New Trustee - Marti2

TC Board member discusses his new role as a trustee and the importance of community colleges

Inside talks with the newest Trustee to join the Teachers College Board of Directors, Eduardo J. Mart, President of Queensborough Community College.

INSIDE: Why did you become a Teachers College Trustee?
MART: As an educator with 39 years of experience in community colleges, I am honored to be part of a group of individuals who can help Teachers College. As a trustee, I'll contribute to the College by offering my expertise to the collective thinking of the Board about actions recommended by the College's administration.  As trustees, we have academic and fiduciary responsibilities. Because we serve as the representatives of the many constituencies touched by the College, we also must understand the needs of the faculty and students and assist the administration in fulfilling them.

INSIDE: What educational issues are important to you?
MART: A working democracy is dependent on the ability of its citizens to think critically, to base their decisions on solid historical context and to resist demagoguery. This requires a well-educated population. Education must contribute to the collective well being of our society. If one accepts this premise, then TC trains the teachers who are the keepers of our democracy. We must address issues pertaining to teacher and administrative preparation so that we can have a solid and long-lasting democracy in this ever-shrinking world.

INSIDE: How can trustees help shape the College?
MART: Each trustee brings to the table his or her own expertise. In concert with the administration, the trustees can chart the direction of the College. In this manner, they can influence the society in which they live. Trustees also have an important role in fundraising as our vantage point enables us to articulate the needs of the College very well.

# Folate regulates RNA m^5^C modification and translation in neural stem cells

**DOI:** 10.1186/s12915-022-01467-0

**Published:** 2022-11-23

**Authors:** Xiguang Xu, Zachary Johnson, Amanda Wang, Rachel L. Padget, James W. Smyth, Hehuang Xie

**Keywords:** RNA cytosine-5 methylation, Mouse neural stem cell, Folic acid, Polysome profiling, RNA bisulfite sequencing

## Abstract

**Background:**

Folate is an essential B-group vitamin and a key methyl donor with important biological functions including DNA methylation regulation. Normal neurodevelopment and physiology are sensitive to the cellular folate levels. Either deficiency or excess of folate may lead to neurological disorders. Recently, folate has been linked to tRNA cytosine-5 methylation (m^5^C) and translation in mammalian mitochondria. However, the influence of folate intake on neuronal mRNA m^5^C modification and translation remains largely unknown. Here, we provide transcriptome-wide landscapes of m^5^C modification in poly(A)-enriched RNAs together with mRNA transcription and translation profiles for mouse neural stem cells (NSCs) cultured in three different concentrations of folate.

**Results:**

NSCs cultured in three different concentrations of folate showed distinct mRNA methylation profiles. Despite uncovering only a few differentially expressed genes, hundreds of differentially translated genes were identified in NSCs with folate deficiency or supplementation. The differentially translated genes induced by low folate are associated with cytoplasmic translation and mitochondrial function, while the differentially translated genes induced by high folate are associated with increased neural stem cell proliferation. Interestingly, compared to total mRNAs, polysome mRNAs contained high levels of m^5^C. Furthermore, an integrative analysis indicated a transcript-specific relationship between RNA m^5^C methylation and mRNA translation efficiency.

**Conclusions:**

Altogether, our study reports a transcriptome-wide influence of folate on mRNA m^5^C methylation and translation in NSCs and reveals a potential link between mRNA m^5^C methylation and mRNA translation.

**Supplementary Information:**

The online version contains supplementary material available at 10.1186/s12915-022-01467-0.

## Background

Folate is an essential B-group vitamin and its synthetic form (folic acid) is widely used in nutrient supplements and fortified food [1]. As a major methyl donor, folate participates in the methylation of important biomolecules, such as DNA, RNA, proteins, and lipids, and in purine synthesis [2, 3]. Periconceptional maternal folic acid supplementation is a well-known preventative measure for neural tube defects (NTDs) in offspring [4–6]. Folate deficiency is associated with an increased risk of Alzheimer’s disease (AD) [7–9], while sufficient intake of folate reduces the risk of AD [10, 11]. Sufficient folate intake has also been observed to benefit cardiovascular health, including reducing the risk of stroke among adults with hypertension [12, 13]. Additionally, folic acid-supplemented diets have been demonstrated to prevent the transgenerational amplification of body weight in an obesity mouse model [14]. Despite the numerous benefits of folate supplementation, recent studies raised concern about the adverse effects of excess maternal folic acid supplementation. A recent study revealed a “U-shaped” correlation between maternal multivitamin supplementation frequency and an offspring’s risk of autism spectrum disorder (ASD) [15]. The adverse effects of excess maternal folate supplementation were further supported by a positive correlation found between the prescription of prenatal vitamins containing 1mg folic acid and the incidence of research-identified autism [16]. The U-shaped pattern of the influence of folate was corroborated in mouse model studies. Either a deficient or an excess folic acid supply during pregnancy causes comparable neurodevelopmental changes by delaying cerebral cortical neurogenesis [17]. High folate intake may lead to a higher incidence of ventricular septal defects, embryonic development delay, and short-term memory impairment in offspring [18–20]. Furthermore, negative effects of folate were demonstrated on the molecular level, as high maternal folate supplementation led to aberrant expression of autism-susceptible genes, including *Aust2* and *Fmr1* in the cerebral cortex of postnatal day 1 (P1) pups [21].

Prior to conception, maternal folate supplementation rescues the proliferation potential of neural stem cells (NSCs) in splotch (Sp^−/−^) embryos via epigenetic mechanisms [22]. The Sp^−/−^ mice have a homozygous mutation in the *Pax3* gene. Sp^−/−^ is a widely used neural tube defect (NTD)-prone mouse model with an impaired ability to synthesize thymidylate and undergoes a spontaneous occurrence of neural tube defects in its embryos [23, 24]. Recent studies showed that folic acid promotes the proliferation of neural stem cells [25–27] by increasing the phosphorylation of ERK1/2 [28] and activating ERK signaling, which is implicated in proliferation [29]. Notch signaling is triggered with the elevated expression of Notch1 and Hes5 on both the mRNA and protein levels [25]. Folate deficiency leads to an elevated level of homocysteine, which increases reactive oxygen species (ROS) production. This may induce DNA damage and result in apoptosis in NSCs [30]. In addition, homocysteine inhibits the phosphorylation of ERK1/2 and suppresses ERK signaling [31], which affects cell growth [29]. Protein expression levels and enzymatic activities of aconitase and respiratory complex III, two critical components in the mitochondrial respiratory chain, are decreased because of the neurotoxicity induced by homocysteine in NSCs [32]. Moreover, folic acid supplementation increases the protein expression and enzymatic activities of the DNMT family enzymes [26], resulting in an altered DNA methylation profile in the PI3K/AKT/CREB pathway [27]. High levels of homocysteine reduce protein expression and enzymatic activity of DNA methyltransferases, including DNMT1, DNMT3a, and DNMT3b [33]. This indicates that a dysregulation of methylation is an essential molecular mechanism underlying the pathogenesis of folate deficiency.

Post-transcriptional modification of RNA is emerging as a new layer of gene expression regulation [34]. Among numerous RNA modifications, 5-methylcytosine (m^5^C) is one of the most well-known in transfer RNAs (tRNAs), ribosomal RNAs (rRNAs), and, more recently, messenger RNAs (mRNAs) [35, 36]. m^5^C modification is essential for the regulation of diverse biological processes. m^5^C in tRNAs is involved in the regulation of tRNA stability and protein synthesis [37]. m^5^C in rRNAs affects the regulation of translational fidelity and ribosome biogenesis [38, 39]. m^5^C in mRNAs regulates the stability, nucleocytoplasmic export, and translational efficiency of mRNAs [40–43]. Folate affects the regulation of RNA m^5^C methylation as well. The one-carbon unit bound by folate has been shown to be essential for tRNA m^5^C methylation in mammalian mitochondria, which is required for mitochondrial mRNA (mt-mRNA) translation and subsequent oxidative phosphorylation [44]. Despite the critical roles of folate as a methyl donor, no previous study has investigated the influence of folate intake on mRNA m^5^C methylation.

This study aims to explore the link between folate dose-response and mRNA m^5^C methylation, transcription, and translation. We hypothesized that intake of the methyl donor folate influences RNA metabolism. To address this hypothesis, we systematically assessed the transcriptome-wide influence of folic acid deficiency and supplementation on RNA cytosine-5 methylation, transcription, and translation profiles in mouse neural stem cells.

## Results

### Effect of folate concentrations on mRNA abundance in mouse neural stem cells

INSIDE: How did you get involved in community colleges?
MART: After leaving Cuba at the age of 18, I came to New York University. I thought that I might want to become a doctor. One of my advisors suggested going to graduate school to help me decide what I wanted to do in my career. I fell in love with research and eventually earned a Ph.D. in Biology. During that time, I taught during the day at Borough of Manhattan Community College. I took a close look at what I was doing at there. I realized that the college provided students, including those who may have had economic or social issues, with an opportunity to shine. I knew I wanted to continue helping them to be the best they could be. That was around 1966 when community colleges were just starting to blossom. It's so gratifying to look back and see how they have grown to be a well-respected sector of higher education.

INSIDE: Why are community colleges important?
MART: Community colleges have changed and matured as a sector. They have worked hard to enhance the quality and sophistication of staff members. As a result, the public's perception of community colleges has improved to the point that they no longer see these colleges as a second choice. In many cases, they are a first choice due to smaller classes with more personal attention and transferable credits. They are now acting as a portal to universities.

INSIDE: What do you see for the future of community colleges?
MART: The next step is to attract individuals who are interested in doing research on pedagogy in community colleges. TC's Community College Research Center (CCRC) is already a leader in this area.

INSIDE: Do you remember any specific teachers or educational experiences in your life that had a big influence on you?
MART: I remember my fourth grade teacher. She always told me, "Math first, then everything else."